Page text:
Acadia’s forgotten bridge



By Therese Klotz Marshall

The stalwart Duck Brook Motor Bridge on the Paradise Hill Road in Acadia National Park is a monument which today would cost several million dollars to build. Yet for the past many years, no one has been able see it. The view from Route 3 coming into Bar Harbor is now totally obscured by trees and shrubs.

This beautiful native pink granite bridge was built to be seen, as testified to by John D. Rockefeller Jr., who donated the land on which it stands and who greatly influenced the design of this 100-foot-tall granite arch bridge. It is a historic structure, the largest of its kind east of the Mississippi and the largest bridge in Acadia National Park.

My father and other members of the Greatest Generation returned to Maine after World War II and worked for Harold MacQuinn Construction Company to build this bridge. It took 92,000 man-hours to construct. As many as 75 local men worked on it at the same time. The blocks of granite weigh up to 600 pounds each.

Acadia’s centennial has come and nearly gone, and yet Duck Brook Motor Bridge remains veiled in obscurity, unknown and hidden from the community and the millions of visitors to Acadia every year. How many people drive over this bridge to the Acadia’s Visitors Center unaware that they are even driving over a bridge?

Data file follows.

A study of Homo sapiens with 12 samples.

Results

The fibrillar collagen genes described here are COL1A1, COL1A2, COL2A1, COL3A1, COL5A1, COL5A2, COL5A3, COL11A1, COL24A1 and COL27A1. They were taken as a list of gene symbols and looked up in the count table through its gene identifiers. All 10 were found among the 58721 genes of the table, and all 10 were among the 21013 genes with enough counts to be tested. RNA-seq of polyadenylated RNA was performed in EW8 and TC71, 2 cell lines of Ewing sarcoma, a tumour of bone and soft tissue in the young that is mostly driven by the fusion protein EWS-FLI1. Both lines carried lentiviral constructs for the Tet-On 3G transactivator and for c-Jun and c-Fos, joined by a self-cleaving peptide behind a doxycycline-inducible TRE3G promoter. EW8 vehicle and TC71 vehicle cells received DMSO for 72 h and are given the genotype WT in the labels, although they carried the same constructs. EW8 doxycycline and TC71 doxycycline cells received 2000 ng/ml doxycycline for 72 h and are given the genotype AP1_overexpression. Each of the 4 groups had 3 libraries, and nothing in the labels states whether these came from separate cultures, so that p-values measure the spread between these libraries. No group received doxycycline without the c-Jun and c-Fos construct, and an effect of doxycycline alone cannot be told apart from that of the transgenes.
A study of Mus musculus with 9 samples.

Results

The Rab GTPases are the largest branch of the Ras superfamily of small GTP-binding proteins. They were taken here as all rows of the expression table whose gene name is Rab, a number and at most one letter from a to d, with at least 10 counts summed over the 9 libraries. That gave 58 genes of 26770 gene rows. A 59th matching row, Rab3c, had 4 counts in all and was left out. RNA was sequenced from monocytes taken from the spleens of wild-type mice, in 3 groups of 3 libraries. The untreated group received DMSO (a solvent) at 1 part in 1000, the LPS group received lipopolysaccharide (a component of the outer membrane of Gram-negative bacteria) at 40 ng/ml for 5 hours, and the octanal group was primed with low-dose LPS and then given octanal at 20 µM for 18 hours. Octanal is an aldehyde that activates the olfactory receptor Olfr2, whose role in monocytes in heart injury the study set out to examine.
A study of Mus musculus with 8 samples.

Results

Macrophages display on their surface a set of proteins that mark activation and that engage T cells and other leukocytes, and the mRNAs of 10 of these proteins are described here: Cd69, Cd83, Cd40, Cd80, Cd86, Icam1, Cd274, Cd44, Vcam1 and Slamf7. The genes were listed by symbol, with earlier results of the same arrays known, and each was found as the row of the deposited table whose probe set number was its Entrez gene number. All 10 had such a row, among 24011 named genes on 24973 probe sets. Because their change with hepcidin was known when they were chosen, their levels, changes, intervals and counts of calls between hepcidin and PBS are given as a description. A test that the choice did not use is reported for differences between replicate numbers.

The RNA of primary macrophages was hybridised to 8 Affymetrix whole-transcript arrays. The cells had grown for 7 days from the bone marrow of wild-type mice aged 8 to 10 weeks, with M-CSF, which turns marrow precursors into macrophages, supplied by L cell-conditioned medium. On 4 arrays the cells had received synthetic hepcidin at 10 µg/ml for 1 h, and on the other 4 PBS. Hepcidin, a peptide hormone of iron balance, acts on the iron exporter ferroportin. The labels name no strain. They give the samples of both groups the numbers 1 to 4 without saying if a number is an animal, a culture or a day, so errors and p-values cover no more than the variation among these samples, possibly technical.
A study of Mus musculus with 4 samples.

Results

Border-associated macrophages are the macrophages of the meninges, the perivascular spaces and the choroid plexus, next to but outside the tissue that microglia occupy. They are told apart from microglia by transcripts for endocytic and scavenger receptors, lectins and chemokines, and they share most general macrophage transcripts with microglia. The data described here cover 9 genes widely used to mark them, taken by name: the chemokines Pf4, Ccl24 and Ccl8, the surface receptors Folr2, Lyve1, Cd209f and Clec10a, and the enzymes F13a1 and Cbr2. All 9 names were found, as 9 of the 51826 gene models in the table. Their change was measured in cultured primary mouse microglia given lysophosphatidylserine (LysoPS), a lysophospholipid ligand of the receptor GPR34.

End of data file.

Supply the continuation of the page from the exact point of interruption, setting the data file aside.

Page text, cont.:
For many years after its creation, there was a beautiful unobstructed view of Duck Brook Motor Bridge from Route 3, but the view was not maintained on a consistent basis. The bridge is far too valuable, not only to Acadia but also to Bar Harbor, to remain ignored. Such an asset to the community must be uncovered so it can be appreciated.

Its placement is uniquely on the edge of Acadia, adjacent to Route 3, where every person entering town can see it and immediately get a taste of the treasures Acadia has to offer.

The Duck Brook Motor Bridge also is a tribute to all the bridge builders of the Greatest Generation and others who gave us what amounts to a functional work of art.

There is now a website, www.theforgottenbridgeofacadia.org, where people can visit and learn about this historic structure.

If you have a loved one or know someone who worked on this bridge, you can send a short write-up and a photo, and it will be showcased on The Forgotten Bridge of Acadia’s Facebook page.

Please consider signing the petition asking park officials to restore and maintain the original view of Duck Brook Motor Bridge, as seen from Route 3 entering Bar Harbor.

Therese Klotz Marshall, whose father helped build the Duck Brook Motor Bridge in Acadia National Park, is a resident of Polk City, Fla.